What happened

Shares of communications chip designer Skyworks Solutions (NASDAQ:SWKS) rose 80.4% last year, according to data from S&P Global Market Intelligence. The first few months were a mixed bag for Skyworks, with nothing but blue skies ahead for this stock in the fall.

So what

The hockey-stick moment for Skyworks occurred in early October when major customer Apple (NASDAQ:AAPL) was revealed to have boosted the production volume of its iPhone 11 smartphones. Skyworks' shares jumped 8% higher that day.

The momentum continued to build in mid-December as analyst firm Bank of America/Merrill Lynch upgraded the stock from underperform all the way to a buy. Merrill analyst Vivek Arya lifted his price target on the stock from $92 to $122 per share, citing the upcoming crush of 5G technologies that should drive "exponential" growth of 5G-capable component sales. That upgrade sparked a 17% rally over the next three weeks as investors and other analysts nodded along.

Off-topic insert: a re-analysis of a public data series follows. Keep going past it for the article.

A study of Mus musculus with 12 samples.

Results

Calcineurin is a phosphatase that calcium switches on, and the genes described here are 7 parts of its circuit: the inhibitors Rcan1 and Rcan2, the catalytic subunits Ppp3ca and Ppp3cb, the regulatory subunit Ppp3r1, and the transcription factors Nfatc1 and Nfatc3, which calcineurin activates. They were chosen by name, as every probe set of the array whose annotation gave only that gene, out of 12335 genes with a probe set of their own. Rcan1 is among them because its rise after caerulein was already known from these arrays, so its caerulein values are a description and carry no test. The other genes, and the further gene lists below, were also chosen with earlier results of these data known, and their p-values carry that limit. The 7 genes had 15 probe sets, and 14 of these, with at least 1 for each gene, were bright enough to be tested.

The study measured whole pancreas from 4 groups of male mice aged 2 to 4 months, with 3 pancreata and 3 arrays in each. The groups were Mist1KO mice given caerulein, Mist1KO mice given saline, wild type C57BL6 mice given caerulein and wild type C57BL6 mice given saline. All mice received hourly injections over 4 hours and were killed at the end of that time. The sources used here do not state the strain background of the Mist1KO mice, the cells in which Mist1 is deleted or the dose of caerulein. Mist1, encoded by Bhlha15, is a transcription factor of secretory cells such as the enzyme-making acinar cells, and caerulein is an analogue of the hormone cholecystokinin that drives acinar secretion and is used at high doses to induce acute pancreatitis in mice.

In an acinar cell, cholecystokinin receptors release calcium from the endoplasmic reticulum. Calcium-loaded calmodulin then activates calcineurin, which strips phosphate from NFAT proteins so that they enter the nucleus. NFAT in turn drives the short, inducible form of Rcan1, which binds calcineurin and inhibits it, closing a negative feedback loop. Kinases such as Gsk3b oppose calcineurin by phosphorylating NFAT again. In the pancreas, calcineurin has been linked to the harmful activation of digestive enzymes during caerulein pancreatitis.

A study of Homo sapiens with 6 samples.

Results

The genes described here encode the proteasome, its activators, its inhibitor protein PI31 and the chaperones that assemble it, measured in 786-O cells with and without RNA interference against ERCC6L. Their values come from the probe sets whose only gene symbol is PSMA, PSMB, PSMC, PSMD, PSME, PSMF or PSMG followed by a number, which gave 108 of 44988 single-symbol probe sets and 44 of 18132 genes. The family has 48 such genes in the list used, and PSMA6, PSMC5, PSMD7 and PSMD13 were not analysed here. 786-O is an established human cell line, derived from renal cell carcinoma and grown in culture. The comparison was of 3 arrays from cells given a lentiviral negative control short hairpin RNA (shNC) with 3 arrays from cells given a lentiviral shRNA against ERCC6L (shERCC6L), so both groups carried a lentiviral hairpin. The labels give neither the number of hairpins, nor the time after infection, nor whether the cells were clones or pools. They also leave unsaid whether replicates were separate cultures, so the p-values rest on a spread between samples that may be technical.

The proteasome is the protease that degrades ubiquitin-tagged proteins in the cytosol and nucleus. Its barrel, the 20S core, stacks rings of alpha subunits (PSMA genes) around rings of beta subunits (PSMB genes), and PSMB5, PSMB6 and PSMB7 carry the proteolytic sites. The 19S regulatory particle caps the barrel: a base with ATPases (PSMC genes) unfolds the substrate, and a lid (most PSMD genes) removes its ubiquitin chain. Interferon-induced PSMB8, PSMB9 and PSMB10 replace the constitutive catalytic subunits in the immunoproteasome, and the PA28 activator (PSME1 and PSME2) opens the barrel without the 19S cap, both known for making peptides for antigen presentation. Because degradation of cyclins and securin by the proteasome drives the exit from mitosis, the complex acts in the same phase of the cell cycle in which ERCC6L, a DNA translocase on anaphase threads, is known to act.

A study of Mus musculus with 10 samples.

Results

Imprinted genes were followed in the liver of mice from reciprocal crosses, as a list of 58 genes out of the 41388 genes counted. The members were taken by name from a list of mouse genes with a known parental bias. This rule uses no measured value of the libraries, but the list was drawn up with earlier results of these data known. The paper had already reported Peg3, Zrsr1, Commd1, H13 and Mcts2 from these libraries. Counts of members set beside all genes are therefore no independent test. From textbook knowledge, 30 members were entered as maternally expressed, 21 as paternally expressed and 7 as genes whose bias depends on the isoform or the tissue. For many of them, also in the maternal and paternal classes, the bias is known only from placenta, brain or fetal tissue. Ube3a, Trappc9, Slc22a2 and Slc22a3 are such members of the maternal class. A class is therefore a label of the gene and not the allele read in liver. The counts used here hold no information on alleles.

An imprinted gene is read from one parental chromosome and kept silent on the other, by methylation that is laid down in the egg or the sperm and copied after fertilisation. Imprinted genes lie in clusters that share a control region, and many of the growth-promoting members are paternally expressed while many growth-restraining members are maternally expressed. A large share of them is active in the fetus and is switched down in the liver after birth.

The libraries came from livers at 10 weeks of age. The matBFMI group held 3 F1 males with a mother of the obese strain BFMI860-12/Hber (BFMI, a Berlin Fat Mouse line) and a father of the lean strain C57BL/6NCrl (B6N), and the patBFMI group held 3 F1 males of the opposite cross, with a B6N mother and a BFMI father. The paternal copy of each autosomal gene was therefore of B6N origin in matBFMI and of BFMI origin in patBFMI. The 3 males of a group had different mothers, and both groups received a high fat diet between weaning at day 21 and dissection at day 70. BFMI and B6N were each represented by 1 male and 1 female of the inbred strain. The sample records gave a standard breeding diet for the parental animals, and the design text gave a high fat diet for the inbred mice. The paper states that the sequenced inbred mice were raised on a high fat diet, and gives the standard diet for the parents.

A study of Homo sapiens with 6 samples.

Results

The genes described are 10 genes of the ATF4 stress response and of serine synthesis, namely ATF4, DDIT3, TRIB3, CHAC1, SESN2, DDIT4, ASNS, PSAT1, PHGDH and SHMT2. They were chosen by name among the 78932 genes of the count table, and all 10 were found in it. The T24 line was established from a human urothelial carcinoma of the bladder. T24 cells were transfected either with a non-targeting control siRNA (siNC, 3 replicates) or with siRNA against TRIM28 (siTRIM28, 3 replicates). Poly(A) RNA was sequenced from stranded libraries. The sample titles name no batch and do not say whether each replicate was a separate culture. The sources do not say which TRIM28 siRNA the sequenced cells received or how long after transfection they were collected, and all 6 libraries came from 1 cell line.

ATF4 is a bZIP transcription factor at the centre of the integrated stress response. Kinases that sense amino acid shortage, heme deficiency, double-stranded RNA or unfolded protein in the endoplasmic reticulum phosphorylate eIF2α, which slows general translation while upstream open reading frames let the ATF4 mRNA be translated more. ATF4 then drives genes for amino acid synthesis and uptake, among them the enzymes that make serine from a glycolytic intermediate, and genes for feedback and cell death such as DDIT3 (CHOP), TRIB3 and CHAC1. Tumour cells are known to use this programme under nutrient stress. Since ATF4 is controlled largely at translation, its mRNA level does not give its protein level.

A man trying to hang onto his desk while it's taking off like a rocket.

Image source: Getty Images.

Now what

5G will most certainly be an important piece of Skyworks' strategy for the foreseeable future. The company already has 5G-enabled hardware in full production, as it looks for contracts on both the infrastructure and mobile device sides of those connections.

"We are seeing some great adoption with the handset players and they'll be ready to roll, but infrastructure has been a little bit slow," said CEO Liam Griffin in November's fourth-quarter earnings call. "We've been through 2G, 3G, 4G, we know how hard it is in 5G but it's a great opportunity. So... we're going to see an increasing level of revenue in 5G and it will not just be smartphones, it will be smartphones, it will be IoT, it will be enterprise, it will be factory automation and some incredible new avenues that we haven't even explored yet. So there's a lot coming and the business is ready to go."

This makes Skyworks a pretty pure play on the 5G revolution, which ties directly into other macro trends such as the Internet of Things and big data analysis. That's not a bad place to work at this generational juncture in the history of communications technology.